In the One-Thousand-Day Marathon...“the wall” is a literal confrontation with death known as doiri.....you go into a nine-day retreat...without food or water or sleep (it's been reduced from the original ten days because a few too many monks before you died during the last day). You sit in a full lotus posture and chant mantras day and night. If you live through this forbidding trial, which is designed to bring you to the very edge of your mortality and plunge you into a resplendent vision of the Ultimate, then you will have attained the title of Togyoman Ajari, or “Saintly Master of the Severe Practice.”
Hunger will be the least of your agonies. By the fifth day, you will be so dehydrated that you will taste blood. But at least you will be allowed to wash your mouth out with water, even if you can't drink it. Two devoted novices will make sure that you stay erect and awake. Your only break from the sitting position during this ordeal will be the 2 AM pilgrimage to the Holy Well. You will draw water, which you will then offer to Fudo Myo-o, the Unshakable King of All Light, a deity whose awesome energy you aspire to embody. This walk will take about fifteen minutes on the first night. On the last night, it will take you roughly an hour and a half, moving at a snail's pace across the stone floor, assisted by the novices.
Nine days without food, or water, or sleep, is just...insane. If you read about the biology of what would happen to your vital systems while undergoing such an ordeal, it seems like there could be nothing more tortuous. Why would anyone voluntarily choose to undertake this? Moreover, should we actually be commending those who would choose to do this? (As, it seems, the surrounding community in Japan does?) Or should we reject it as something hurtful?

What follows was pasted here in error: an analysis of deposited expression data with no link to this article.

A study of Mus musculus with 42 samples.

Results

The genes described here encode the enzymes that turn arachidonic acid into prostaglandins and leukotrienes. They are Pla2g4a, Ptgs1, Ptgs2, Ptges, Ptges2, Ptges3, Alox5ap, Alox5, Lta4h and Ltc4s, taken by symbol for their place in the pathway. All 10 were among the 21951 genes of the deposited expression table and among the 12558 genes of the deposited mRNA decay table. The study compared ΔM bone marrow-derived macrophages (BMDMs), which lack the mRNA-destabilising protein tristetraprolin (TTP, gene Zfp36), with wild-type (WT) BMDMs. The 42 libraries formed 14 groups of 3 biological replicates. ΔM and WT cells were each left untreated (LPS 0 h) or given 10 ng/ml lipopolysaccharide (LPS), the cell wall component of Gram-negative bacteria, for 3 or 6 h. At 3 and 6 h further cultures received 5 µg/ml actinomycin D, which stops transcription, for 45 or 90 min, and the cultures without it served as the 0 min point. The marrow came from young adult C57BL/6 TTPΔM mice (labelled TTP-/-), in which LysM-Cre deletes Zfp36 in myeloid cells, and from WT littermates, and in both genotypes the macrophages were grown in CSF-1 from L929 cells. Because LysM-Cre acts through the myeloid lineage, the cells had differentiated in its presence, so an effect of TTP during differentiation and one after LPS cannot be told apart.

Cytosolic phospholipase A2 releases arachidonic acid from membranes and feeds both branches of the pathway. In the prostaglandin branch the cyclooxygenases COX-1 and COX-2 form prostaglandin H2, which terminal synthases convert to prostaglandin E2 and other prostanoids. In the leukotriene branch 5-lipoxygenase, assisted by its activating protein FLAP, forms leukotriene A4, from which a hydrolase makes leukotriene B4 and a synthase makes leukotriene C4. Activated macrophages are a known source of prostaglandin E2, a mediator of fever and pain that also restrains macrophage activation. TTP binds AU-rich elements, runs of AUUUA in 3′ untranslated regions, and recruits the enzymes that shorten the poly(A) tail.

My thinking goes like this:
1. All human life has the same value.
2. It is self-evident that to torture someone else is morally reprehensible.
3. Why should it be considered blessed to torture oneself? There is NO moral merit in causing ANYONE to suffer physically, whether that person is oneself or another.
It strikes me that, under a different set of circumstances and in a different place, what these men are doing might be labeled as anorexia nervosa. Obviously, the motives behind the two behaviors are different, but I think that in some ways they come from a similar place. In both cases there's an impulse to obtain complete and utter control over oneself, over one's own body. We look at anorexia as a condition to be healed. Are these monks to be lauded?
Seriously, read the rest of the article, if you dare. If you're anything like me, and descriptions of physical suffering bother you, then what these men do to themselves will make you .
Thank you to the SSMC makers for my beautiful siggies!